Deal will see UK-listed investor taken private after six years on the stock exchange
US private-equity firm Kohlberg Kravis Roberts has agreed to buy infrastructure investor John Laing in a deal valued at about £2bn.
The takeover values the listed company at 403p a share - a 27% premium on the closing price of its stock on 5 May.
This was the day before it confirmed it was in talks with KKR.
John Laing, which was first listed in 1953 but sold its building business in 2000, has invested in more than 150 projects and businesses across a range of sectors including transport and energy.
The firm’s board has said it intends to unanimously recommend the offer to its shareholders to take the firm private, saying they ”consider the terms of the acquisition to be fair and reasonable”.
KKR has also proposed a £175m cash injection into John Laing’s pension fund, accompanied by a further £50m in 18 months.
At 3pm the firm’s share price had risen by just over 11% to sit at 401p.
KKR also agreed to partner with UK based infrastructure investor Equitix to jointly own John Laing’s existing asset portfolio.
Immediately following completion of the acquisition, Equitix will acquire a 50% shareholding in the existing asset portfolio, which will continue to be managed by John Laing’s management team.
Tara Davies, partner and co-head of European Infrastructure at KKR, said: “John Laing has a strong market position and a forty-year track record of delivering major infrastructure projects.
“There is growing global demand for national infrastructure which delivers societal benefit and reflects technological advances and policy priorities across areas such as connectivity, renewable energy and transport.
“Under private ownership and with flexible access to capital, John Laing can take a longer-term view as an owner and operator of assets during the next phase of its growth.”
The present John Laing business was created after the original construction company nearly collapsed in the early 2000s.
John Laing expanded rapidly in the late 1990s, such that for the year ended 31 December 2001 its turnover was in excess of £1bn.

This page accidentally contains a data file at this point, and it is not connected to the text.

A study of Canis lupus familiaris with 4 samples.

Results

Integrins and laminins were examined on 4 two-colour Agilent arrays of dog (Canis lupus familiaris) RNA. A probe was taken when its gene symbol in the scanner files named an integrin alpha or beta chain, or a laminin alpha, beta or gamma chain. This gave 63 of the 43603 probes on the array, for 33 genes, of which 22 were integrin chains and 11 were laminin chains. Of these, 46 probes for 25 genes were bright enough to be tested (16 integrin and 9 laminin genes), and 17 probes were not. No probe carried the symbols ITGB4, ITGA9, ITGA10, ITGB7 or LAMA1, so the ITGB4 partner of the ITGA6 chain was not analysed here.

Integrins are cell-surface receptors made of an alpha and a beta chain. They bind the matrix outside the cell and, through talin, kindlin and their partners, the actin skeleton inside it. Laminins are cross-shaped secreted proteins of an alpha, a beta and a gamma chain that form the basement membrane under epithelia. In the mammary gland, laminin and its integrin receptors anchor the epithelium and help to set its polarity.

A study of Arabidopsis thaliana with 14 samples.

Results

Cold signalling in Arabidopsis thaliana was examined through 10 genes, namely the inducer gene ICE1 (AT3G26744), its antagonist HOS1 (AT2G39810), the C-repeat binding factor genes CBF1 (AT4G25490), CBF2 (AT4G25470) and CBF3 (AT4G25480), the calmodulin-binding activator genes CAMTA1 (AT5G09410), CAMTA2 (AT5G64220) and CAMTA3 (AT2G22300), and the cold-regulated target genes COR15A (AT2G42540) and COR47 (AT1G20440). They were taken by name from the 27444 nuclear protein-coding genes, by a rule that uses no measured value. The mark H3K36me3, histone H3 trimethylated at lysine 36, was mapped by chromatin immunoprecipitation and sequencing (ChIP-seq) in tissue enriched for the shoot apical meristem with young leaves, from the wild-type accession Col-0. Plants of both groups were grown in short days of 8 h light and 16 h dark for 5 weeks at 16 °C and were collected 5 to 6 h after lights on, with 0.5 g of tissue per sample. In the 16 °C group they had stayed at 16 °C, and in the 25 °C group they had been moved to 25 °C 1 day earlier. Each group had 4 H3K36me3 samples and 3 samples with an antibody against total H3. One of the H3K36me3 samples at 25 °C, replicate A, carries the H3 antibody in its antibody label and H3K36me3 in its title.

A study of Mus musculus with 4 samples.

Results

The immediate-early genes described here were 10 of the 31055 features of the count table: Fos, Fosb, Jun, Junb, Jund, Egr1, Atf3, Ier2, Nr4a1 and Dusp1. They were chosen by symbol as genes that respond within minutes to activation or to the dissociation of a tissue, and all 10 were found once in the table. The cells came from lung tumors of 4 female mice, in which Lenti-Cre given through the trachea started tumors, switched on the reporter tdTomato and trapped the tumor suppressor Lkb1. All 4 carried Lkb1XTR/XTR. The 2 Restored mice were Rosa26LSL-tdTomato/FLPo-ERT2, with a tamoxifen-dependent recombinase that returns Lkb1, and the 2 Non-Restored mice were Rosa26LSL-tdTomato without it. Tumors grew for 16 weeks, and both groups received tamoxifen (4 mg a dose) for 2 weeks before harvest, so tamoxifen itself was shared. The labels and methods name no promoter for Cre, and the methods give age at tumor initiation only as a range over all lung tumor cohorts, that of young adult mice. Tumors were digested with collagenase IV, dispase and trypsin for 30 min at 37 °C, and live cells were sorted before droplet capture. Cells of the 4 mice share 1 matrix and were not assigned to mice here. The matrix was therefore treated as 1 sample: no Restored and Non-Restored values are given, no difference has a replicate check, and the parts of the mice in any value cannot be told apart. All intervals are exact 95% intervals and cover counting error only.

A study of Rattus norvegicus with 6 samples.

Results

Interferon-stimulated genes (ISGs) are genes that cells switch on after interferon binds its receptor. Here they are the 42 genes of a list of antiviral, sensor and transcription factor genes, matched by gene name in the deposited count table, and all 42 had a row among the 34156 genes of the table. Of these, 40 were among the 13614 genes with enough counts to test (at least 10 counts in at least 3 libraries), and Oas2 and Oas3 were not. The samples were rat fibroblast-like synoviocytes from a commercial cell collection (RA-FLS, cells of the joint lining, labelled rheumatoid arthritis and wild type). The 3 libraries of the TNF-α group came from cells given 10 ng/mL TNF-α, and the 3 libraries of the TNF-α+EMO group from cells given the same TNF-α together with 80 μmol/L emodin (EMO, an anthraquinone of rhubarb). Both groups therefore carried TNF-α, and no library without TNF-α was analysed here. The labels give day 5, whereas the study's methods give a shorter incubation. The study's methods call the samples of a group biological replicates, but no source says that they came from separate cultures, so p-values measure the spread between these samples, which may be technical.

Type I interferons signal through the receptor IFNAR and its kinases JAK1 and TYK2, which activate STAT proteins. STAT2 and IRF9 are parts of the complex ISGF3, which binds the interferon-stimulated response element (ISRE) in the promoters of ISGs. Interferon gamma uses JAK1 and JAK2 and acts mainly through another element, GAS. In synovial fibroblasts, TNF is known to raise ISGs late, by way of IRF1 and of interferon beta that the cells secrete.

Following significant losses on certain construction contracts, particularly the Cardiff Millennium Stadium, the firm cut 800 jobs and in 2001 disposed of its construction division to Ray O’Rourke for £1 - leading to the creation of the country’s biggest private contractor Laing O’Rourke.
Laing’s property developments divisions were sold to Kier Group in 2002, and its housebuilding arm was sold to George Wimpey that same year.
The firm then focused instead on its PPP and PFI activities, before they fell out of favour in the UK, and floated on the stock exchange in 2015.
It is currently involved in backing a number of UK projects including Alder Hey Children’s Hospital in Liverpool and a retirement project with McCarthy & Stone.
John Laing’s history: The name that eclipsed all others
For many, John Laing was the one firm that transcended construction, writes Dave Rogers.
Its roll-call of contracts and revolving door of industry figureheads are testament to that. That’s why, for those with long enough memories, its decision, two decades ago this November, to pull out of contracting was such a huge shock.
Who ended up buying it was arguably just as much of a surprise. No one expected the firm to be bought by one of its subcontractors.
At the time of the decision to sell up, the firm’s executives had been hoping for £100m and the new owners to be perhaps from abroad. Hochtief and Bouygues were mentioned. What it got was £1 and a load of bad jobs new owner Ray O’Rourke said he didn’t want.
And not surprising, too. A couple of those, the Cardiff Millennium Stadium and the then little-known National Physical Laboratory in west London, saw it bleed money. There were others too.
But, despite those desperate last days, O’Rourke recognised the value of the Laing name and rebranded the new business Laing O’Rourke.
What these pictures do, though, is take readers back to a time a world away from how the firm ended up. In the effort to rebuild a country wrecked by years of war, John Laing entered its pomp. People in the industry who worked for Laing still talk glowingly about their time there: its training, its professionalism, its paternal culture.
Others might lay claim to being construction’s most famous name of all – McAlpine, Tarmac, maybe Wimpey – but for many Laing is the name that stands above all others. These images show why.